The share price of German drugs and chemical giant Bayer has been virtually untouched after Monsanto rejected its improved takeover offer.
And shareholders appear to have mixed views on the company’s pursuit of the US seeds company.
Last week, Bayer improved its offer for Monsanto from $122 (£93) per share to $125, equalling around $64bn. The Monsanto board rejected the offer on Tuesday, describing it as “financially inadequate and insufficient”.
Andrea Williams, a senior fund manager at Bayer shareholder Royal London Asset Management, told City A.M. she believes the company is “determined to complete the deal” and would be happy for another $10 per share to be added to the price.
“Although they have rejected the deal I think the tone has slightly changed in that they seem more willing to engage in discussions and have appointed advisors to help,” said Williams, reacting to Monsanto’s latest rejection.
“It is now up to Bayer to approach Monsanto shareholders to convince them about the merits of the deal. The peak of the share price was $147 in 2008 and then more recently $127 in 2014 and the company has had a number of profit warnings since then.”
She added: “As a Bayer shareholder [I am] happy for them to go to $130-135 for Monsanto but do not see the need to go higher than $135… I think they are determined to complete the deal.”
Markus Manns, portfolio manager at Union Investment, a Bayer shareholder, also suggested $135 per share would be acceptable.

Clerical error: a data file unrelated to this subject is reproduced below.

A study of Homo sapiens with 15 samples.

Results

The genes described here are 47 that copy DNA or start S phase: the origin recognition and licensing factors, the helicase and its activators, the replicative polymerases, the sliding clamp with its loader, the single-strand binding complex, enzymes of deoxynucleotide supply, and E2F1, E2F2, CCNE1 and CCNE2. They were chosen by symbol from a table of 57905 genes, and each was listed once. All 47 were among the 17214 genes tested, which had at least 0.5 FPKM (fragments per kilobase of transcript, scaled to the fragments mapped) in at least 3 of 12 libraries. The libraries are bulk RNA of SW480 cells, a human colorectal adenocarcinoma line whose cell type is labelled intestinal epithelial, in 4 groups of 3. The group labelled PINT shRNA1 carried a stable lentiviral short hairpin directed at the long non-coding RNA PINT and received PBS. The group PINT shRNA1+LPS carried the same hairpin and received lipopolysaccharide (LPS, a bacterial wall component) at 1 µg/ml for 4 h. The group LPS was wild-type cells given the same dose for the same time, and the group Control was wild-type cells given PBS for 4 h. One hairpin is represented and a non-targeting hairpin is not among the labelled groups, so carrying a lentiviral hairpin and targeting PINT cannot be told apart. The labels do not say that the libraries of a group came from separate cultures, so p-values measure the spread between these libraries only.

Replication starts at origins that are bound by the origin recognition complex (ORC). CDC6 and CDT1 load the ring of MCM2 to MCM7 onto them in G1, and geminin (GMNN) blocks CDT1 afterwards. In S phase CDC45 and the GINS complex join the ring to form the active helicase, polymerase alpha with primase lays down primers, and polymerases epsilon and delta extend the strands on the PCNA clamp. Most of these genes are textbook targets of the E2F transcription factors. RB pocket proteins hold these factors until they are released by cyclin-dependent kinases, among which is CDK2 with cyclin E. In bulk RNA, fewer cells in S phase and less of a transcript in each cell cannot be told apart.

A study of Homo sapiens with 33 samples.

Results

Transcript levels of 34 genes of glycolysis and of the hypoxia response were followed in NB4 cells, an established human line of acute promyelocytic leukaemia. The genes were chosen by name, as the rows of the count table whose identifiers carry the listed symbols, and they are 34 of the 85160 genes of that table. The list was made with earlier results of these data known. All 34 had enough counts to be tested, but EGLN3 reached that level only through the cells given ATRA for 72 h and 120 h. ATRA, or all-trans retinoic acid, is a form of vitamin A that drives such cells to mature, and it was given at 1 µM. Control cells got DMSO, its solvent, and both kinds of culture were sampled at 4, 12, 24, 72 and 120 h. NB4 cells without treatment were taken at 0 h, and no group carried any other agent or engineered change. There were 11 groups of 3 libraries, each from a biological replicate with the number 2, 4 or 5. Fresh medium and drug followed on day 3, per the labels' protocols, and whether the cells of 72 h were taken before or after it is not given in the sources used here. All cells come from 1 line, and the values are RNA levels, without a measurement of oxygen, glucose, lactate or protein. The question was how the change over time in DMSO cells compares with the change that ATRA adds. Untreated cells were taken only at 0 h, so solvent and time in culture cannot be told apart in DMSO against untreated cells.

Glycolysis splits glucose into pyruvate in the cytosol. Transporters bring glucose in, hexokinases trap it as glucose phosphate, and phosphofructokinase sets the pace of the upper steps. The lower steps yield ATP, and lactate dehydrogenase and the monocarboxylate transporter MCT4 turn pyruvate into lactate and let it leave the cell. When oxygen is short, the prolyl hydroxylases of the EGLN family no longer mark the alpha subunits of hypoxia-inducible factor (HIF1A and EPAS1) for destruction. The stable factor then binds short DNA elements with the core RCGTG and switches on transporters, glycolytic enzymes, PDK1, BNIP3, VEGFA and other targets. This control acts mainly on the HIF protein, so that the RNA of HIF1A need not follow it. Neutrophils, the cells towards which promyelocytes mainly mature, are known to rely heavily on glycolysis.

“A takeover of Monsanto by Bayer would make sense strategically,” he said.
“The offer which had been increased to $125 per share on Friday was in line with financial capacities. After Monsanto’s refusal, the question is if Bayer will increase its offer again or will address the Monsanto shareholders directly.
“In our view, $135 per share would be the limit, as Bayer would not be able to pay more without running financial risks.”
He welcomed the fact that the chief executive of Bayer has “made clear that they are going to respect financial discipline”.
Manns added: “Basically, a third offer is possible, but it could make more sense to address the Monsanto shareholders directly in order to put pressure on the management to open the books. A completely hostile takeover without previous due diligence might probably be too risky.”
Their openness to the deal being improved contrasts with the view of fellow London-based fund management group Henderson. It is understood to have reduced its stake in Bayer since May, when the first offer was made.
“For us, the strength of Bayer as a long-term investment has been called into question by its potential takeover of Monsanto,” said Rahman, in a letter to Bayer sent in June but published yesterday, before the Monsanto rejection.
Bayer’s share price touched €110 in April but tumbled to around €84 after the first offer was made in May. It is currently at around the €92 mark.
In contrast, Monsanto’s share price was as low as $86 in April, peaked at more than $112 in May and is now sitting at $107.